Overseas surrogacy and parent rights

The recent ruling by the Australian Family Court may be a game changer for Australian families who have been overseas, or intend to go overseas to have their children through surrogacy. While clear figures are hard to obtain, it is estimated that around 250 children each year are born to Australian parents through overseas surrogacy arrangements – so this is a bit of a big deal.

Last week’s decision by three judges of the Family Court have made a new interpretation of the Family Law Act and ruled that an Australian couple who had their child through an Indian surrogacy arrangement are not the parents of the child.  The couple had sought to have their child considered to be a “child of the marriage” but the Full Court found that this ruling could not be made.  The impact of this decision is potentially far reaching.   The Family Court judgement stated

“Thus, it is plain that s60HB now specifically addresses the position of children born under surrogacy arrangements, leaving  s60H to address the status of children born by means of conventional artificial conception procedures.  Further, the plain intention of section 60HB is to leave to each of the States and Territories to regulate the status of children born under surrogacy arrangements, and for that to be recognised for the purposes of the Act.  In other words, section 60HB covers that field, leaving, as we say, section 60H to address conventional artificial conception procedures.”

The unfortunate result of that conclusion is that the parentage of the child here is in doubt.  There is no order made under the relevant State legislation (and nor could there be…).

There is no question that the father is the child’s biological father, but that does not translate into him being a parent for the purposes of the Act.  Further, the mother is not even the biological mother, and thus is even less likely to be the “legal parent”.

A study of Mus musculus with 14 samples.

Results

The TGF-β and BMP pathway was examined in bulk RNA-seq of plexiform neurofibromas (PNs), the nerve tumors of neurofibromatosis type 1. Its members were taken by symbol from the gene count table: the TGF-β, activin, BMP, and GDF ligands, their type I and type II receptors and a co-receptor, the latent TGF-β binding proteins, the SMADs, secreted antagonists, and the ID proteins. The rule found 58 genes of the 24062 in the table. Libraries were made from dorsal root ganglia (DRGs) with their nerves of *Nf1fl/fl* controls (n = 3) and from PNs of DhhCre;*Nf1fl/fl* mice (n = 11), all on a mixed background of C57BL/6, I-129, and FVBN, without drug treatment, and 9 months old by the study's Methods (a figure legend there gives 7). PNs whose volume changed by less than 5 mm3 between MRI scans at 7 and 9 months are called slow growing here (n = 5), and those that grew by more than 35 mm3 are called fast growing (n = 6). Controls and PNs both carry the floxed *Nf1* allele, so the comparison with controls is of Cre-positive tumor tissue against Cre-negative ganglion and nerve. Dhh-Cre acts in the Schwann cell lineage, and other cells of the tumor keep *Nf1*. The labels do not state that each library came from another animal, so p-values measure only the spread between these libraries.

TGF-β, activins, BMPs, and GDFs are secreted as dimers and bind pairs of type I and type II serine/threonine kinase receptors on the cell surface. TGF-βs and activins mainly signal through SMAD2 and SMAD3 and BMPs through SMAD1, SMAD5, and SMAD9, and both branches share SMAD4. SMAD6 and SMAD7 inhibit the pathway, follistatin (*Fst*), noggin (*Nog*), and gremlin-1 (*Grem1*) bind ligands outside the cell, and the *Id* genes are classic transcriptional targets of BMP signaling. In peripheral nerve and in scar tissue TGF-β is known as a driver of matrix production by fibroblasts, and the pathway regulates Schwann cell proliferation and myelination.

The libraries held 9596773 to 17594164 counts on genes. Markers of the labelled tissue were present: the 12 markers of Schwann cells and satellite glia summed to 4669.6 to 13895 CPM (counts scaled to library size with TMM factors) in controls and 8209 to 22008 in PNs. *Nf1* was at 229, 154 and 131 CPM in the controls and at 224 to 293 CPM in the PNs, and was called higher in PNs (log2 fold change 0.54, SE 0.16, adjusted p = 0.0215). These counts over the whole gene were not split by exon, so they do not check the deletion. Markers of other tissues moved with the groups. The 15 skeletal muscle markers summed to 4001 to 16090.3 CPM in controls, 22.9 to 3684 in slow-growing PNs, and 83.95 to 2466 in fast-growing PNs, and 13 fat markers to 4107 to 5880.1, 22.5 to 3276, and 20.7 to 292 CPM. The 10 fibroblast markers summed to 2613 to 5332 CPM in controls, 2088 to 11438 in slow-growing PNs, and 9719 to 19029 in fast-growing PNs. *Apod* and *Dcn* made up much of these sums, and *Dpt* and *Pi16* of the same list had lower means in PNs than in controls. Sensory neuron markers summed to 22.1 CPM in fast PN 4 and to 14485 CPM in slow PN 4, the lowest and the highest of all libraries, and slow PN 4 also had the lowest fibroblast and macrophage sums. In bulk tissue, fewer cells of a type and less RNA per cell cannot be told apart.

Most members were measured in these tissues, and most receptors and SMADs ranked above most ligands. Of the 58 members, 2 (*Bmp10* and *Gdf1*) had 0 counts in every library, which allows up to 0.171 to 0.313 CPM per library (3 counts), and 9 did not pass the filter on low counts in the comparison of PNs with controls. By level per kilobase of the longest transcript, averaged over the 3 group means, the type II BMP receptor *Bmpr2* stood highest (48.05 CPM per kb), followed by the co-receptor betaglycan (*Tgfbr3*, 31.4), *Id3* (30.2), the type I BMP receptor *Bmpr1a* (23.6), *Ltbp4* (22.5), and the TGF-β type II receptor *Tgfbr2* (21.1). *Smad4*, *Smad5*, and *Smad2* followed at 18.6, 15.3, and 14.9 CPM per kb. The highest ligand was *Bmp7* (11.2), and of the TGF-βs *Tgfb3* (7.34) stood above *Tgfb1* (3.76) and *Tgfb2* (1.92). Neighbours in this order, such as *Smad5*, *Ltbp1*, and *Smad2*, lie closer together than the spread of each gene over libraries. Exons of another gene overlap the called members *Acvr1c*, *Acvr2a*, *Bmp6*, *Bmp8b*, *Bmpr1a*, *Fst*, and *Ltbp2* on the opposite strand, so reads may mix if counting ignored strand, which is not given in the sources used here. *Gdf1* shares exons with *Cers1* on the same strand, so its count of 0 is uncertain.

What does this mean for any other family who use international surrogacy?

This ruling makes a clear determination that the majority of Australian parents who have a child born overseas through surrogacy, are NOT the parents in Australian law (there are some exceptions).  The ruling applies irrespective of whether the surrogacy was commercial or altruistic, as the Family Court has made reference to the relevant State legislations which restrict overseas surrogacy arrangements.  At this point, it remains unclear what impact this ruling will have regarding the citizenship of any future children conceived international surrogacy.  If the Department of Immigration and Border Protection adopts the view as ruled by the Family Court, then the majority of children born outside Australia through surrogacy would not be recognised as the child of a parent for the purposes of Australian citizenship.  This would mean that the child is not entitled to Australian citizenship and would have no entitlement to live in Australia.


I am grateful to Stephen Page for his summary of the recent ruling on his surrogacy blog.  For a more comprehensive assessment of the ruling, and information about the current exceptions to this ruling, you may wish to read his blog https://surrogacyandadoption.blogspot.com.au/2017/09/family-court-couple-who-went-overseas.html  Obviously, if you are an Australian who has been overseas for surrogacy, or you are planning to do so, I recommend that you seek independent legal advice regarding your individual situation.